UPDATE NO. 3, OCT. 20, 2:12 P.M.: Newport Beach lifeguards have given their beaches the all clear, shark advisory signs have been removed and you are now free to go about your business in the water, officials say.
UPDATE NO. 2, OCT. 19, 8:42 P.M.: Since no shark had been spotted again since the original morning report, Newport Beach lifeguards lifted the beach closure at 4:30 p.m. "The Newport Beach lifeguards have replaced the closure signs in the area with advisory signs, warning that a shark has been sighted in the area," explained Jennifer Manzella, the city fire and police spokeswoman. "The advisory will remain in effect until tomorrow morning, subject to reassessment at that time by lifeguard staff."
[Update to update: Manzella said Tuesday morning, "At this point, Newport Beach lifeguards plan on keeping posted advisories in effect until noon today."]
UPDATE NO. 1, OCT. 19, 12:49 P.M.: A stretch of Newport Beach has been closed due to the presence of a "non-aggressive" shark near the shore, according to lifeguards. The eight-foot hammerhead was spotted around 11 a.m. in the water near the end of Newport Pier, prompting "per protocol" the closure of the beach about a mile in each direction, in this case from 10th Street to 40th Street, according to Jennifer Manzella, the Newport Beach Fire Department spokeswoman. "The shark did not display any aggressive behavior," said Manzella, who added lifeguards would be reassessing the situation throughout the afternoon, and they anticipate that the beaches will be reopened by tomorrow morning. Signs have been posted to notify the public of the beach closure.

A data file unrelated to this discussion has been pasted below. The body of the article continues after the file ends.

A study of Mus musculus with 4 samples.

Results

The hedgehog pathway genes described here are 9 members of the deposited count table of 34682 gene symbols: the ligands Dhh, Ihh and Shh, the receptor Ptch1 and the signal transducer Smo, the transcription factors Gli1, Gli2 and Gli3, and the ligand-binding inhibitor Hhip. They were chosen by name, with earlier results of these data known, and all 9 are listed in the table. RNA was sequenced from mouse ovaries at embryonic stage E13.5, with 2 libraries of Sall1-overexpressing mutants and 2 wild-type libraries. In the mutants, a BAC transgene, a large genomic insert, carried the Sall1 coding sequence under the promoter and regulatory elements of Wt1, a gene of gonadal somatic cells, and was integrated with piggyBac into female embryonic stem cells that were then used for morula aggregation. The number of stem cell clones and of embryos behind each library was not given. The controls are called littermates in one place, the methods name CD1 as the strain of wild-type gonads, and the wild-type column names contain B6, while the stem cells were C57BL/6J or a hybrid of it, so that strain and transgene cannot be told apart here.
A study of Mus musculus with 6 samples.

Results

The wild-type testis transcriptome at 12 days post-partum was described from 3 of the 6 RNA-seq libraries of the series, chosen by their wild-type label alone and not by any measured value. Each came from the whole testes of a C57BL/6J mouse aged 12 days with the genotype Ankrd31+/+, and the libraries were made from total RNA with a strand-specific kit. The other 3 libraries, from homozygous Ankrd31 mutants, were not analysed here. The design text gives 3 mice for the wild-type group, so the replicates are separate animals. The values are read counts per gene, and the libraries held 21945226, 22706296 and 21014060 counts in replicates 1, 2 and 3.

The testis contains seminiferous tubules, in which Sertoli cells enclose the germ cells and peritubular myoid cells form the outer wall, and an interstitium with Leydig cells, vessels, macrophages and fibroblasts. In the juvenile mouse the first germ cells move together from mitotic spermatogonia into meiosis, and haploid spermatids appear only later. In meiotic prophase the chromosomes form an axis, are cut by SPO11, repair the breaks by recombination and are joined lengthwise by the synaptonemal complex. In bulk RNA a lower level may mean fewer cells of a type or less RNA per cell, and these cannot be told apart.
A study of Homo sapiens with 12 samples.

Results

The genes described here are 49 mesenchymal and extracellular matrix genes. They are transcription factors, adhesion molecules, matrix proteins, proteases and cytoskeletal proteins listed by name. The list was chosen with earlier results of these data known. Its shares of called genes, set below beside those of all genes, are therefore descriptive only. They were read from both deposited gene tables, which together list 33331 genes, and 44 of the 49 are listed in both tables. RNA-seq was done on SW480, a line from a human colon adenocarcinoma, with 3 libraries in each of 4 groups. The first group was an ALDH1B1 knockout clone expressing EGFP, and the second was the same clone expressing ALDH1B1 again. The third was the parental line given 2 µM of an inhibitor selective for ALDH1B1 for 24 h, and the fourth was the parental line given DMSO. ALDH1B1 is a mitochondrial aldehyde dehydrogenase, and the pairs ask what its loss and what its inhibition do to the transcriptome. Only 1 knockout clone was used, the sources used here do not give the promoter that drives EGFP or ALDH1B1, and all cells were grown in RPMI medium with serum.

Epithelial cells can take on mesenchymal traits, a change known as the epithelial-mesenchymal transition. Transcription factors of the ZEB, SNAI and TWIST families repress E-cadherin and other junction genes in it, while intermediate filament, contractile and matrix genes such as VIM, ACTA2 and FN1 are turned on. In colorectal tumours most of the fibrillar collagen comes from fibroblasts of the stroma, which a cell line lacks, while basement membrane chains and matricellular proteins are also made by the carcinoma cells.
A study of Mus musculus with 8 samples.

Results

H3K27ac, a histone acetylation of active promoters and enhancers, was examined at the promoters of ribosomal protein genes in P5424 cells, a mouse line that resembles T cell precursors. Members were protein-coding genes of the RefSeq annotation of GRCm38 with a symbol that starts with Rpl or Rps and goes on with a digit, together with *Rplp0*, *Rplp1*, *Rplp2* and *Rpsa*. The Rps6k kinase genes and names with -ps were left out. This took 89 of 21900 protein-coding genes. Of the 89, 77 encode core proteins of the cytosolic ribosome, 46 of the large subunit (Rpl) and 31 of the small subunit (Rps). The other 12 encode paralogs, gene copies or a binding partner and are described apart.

ORIGINAL POST, OCT. 9, 11:53 A.M.: Three Huntington Beach beaches that have been closed since a surfer's close encounter with an aggressive shark Thursday afternoon are scheduled to reopen if ... there are no more close encounters with an aggressive shark before then.
The water off Sunset, Surfside and Bolsa Chica state beaches closed after 3:20 p.m. Thursday, when a 10-foot shark swam within three feet of a 44-year-old surfer who was about 60 yards out, according to Huntington Beach Marine Safety Lt. Claude Panis.
The shark's movement was described as "rushing," which is considered a sign of aggression along with "bumping," "circling" and "gaping" (or opening the mouth).
Still, the water off the three beaches was closed as a precaution. The sand has remained open (and presumably shark free, unless personal-injury lawyers have been passing out business cards to sun lovers).
With big time heat forecast to be returning this weekend, there were fears keeping the water closed would screw up some beach-going plans. Surf has been up as well. Officials reiterate that should not be a problem so long as no one spots you-know-who.